Rebuilding lives after spinal cord injury.

Sorry Doesn’t Help!

young woman in wheelchair, disability advocate, pointing to a sign that says Separate is Never Equal.

“I’m sorry you’re in a wheelchair” is a statement I often hear, coupled with a look of pity and misfortune that flashes across people’s faces.

31 years ago, at the age of six, I was in a car accident that left me a T-10 paraplegic. I remember my very first wheelchair – a Quickie – bright yellow with big front casters that allowed me to roll through the grass without dumping forward out of my chair. My dad attached a big orange reflector to the front for safety.

My family never let me miss out on anything and made sure I was fully included in absolutely everything. From sledding in winter, to swimming in summer to participating in the marching band in high school and getting my driver’s license at 16, I don’t think it ever really occurred to me that having a disability made me different. My family was always there to help me get to where I needed to be and fight each battle to ensure I enjoyed an equal experience to that of my able-bodied peers.

Then I got to college and really began to develop a strong disability identity. I was confronted with ableist attitudes, policies and procedures and had to routinely fight for my right to access and equality. Fortunately, my parents had taught me these skills growing up, so I was able to advocate for myself and others with disabilities.

After earning my undergraduate degree at SUNY Albany, I went on to pursue a Masters in Education at The College of Saint Rose and then a Masters in Broadcast Journalism at Syracuse University. From there, I began working in New York City public schools where I taught both middle and high school students. I also volunteered with NYCSCIA at Mt. Sinai Hospital, mentoring newly spinal cord injured individuals and eventually helped to create an SCI empowerment and support group for women known as Women on Wheels.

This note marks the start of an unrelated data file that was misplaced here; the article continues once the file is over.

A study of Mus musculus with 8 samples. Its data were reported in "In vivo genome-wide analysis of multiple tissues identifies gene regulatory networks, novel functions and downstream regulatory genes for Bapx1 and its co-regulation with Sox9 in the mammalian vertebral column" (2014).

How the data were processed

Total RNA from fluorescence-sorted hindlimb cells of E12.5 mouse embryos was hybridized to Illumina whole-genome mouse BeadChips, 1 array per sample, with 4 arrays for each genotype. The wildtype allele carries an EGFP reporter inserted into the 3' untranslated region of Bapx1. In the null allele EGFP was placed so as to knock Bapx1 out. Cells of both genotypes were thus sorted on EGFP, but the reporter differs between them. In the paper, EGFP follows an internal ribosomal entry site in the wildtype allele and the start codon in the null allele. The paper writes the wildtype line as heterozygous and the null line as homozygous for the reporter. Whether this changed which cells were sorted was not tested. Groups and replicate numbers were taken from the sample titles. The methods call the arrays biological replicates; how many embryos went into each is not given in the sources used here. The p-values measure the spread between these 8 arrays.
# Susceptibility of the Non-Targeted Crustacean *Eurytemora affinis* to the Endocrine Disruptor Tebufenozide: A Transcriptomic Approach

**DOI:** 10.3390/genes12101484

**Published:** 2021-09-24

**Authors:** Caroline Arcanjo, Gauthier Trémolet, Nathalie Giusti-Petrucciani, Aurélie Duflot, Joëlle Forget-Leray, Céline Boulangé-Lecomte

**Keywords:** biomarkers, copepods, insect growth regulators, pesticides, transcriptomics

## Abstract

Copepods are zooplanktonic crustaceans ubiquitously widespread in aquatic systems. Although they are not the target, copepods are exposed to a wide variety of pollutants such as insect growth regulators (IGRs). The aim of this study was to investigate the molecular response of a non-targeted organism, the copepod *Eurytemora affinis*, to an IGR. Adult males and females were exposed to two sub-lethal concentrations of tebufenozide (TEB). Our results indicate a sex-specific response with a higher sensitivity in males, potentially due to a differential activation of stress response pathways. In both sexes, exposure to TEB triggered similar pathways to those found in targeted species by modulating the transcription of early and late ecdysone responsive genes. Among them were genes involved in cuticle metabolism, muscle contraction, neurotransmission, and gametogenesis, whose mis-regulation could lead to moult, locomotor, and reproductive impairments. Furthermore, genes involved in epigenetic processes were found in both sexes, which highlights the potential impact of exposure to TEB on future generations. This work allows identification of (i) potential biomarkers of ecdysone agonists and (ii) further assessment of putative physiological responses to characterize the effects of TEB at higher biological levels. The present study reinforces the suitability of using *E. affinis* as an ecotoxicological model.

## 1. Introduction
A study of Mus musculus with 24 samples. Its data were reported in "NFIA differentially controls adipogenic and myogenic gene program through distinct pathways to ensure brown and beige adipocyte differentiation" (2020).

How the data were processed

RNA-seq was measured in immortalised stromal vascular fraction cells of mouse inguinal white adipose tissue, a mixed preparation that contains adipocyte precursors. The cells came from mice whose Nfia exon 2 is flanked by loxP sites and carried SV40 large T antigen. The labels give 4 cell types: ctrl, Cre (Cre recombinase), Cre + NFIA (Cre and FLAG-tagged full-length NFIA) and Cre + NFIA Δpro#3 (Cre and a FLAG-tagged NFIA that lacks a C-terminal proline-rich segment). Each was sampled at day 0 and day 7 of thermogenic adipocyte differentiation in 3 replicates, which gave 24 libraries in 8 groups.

In my sixth year as a teacher in NYC public schools, I began teaching college classes in the evenings. At this time, I also discovered the field of Disability Studies and decided to return to college for another degree. I earned a Masters in Disability Studies at CUNY’s School of Professional Studies and became even more of a disability advocate in the process. Disability Studies provided me with the language and framework to describe the barriers to access and equality that I am faced with each and every day as a wheeler living in a society that oftentimes privileges the able-bodied. Because of the incredible mentors that I met in this program, I went on to earn a PhD in Education at Syracuse University. My research explored the lived experiences of students with physical disabilities in New York City public high schools.

Living, working, researching and volunteering in NYC has provided me with a whole new lens with which to view disability experience. The inaccessibility of the NYC subway system, school buildings and public spaces reminds me that there is so much work to be done in terms of valuing the participation of those with disabilities in our society.

So, to the people who feel bad for my “being in a wheelchair”… DON’T. Instead, let’s use that energy to fight for the rights, opportunities and equality of individuals with disabilities.